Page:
This article is a summary of comments made by the four candidates for the Ludlow constituency in the three hustings hosted by BBC Radio Shropshire and St Laurence’s Church. The candidates discussed Brexit and whether to hold a second referendum. They set out their party’s positions on those EU nationals who live and work here after the UK leaves the European Union.
Labour and the Lib Dems say EU nationals in the UK will have a right to stay. The Greens and Conservatives say it will be down to negotiation.
The Greens and Liberal Democrats want a new referendum on the final Brexit deal. Labour see Brexit as contractual negotiation. The Conservatives think they have strong leader to negotiate, with MPs having the final choice on which EU rules get retained in British law.
Conservative, Philip Dunne. I voted to remain but had said I would respect the outcome of the referendum whatever the outcome. The choice is between Theresa May and the team around her, some of whom voted to remain, and Jeremy Corbyn and his team who have never led a negotiation. Theresa May is providing strong leadership to this country. She has got what it takes to get the best deal for Britain. Through the Great Repeal Bill, we are going to incorporate all the EU laws that currently govern this country into the UK. It will be up to the UK parliament to decide which of those they wish to repeal. We have to go into a negotiation with a willingness to walk away. No deal would mean reverting to trade arrangements through the World Trade Organisation.
Labour, Julia Buckley. The nature of our contract with Europe is a legally binding contract. You have to respect the law and you have to cooperate with your partners. We sign up for environmental protection, consumer rights protection, the working time directive, and maternity and paternity pay. What we keep and don’t keep will depend entirely on the negotiations of this Brexit. There are pros and cons in Europe. Labour’s job as balanced party with a balanced view about the pros and cons, we would go in and treat this as a legal, business negotiation. We’ll be looking for the best deal. We are defined by the working man [sic]. Half of the working men [sic] don’t like Europe and the other half do. We would not walk away with no deal because we understand this is a legal and financial deal. We wouldn’t accept a bad deal but we must respect the rule of law.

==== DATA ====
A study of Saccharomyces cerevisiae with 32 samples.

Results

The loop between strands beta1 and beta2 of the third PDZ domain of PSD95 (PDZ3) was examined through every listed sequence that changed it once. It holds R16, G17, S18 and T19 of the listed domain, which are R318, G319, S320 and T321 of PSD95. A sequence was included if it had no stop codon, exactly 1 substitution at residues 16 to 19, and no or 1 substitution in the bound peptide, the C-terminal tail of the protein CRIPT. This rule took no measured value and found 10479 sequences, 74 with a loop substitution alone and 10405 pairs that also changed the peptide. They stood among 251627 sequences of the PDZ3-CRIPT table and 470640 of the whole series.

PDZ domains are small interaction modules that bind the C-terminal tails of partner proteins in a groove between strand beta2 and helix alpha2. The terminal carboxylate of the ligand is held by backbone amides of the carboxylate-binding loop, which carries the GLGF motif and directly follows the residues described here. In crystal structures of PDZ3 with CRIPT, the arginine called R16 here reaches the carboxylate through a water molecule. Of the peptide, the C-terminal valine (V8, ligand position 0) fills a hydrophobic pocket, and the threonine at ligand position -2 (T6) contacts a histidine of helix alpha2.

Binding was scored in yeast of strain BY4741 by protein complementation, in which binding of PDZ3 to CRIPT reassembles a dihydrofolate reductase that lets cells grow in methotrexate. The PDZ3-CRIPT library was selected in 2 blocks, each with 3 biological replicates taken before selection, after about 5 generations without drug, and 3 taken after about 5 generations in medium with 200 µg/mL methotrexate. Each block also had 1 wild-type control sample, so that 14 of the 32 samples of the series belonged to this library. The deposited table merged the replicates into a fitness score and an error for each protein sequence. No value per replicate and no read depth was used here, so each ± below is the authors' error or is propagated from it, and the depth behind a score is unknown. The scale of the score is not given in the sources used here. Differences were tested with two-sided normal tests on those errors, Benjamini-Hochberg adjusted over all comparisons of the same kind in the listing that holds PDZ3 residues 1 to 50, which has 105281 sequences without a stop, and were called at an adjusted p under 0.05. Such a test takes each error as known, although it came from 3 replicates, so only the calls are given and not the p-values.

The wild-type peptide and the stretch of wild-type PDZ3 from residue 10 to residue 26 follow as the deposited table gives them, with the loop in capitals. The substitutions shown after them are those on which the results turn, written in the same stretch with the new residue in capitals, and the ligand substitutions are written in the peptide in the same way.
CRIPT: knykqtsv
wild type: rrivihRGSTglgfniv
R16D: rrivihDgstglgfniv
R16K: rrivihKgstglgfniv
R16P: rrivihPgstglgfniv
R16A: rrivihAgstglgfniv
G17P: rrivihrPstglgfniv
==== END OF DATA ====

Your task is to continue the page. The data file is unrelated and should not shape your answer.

Green, Hilary Wendt. We would like another referendum as at the moment its crystal ball gazing. Nobody as a sense of what sort of deal we are going to end up with. If the price of Brexit is £100 billion – Eric Smith interjects, it’s not – and the price is the NHS opened up to further privatisation and giving up environmental and social protections, we think the British people should be asked, is that the deal you want?
Lib Dem, Heather Kidd. We want a referendum on the deal because nobody knew what the deal was going to look like and we still don’t know. If the economy suffers, farmers are left worse off, and the NHS is taxed for workers coming in, we will put this deal to the people. That is democratic.
What will their status be after Brexit? Will they be excluded from our country or allowed to stay?
Lib Dem, Heather Kidd. Allowed to stay.
Conservative, Philip Dunne. The prime minister has been very clear. She wants this to be one of the earliest things to resolve once negotiation gets under way to reassure those EU citizens who are working and living in the UK that they can continue to stay.
Green, Hilary Wendt. I certainly hope [they will be allowed to stay] and I hope that we will negotiate on that basis.
Labour, Julia Buckley. We would protect the rights of EU citizens to stay here.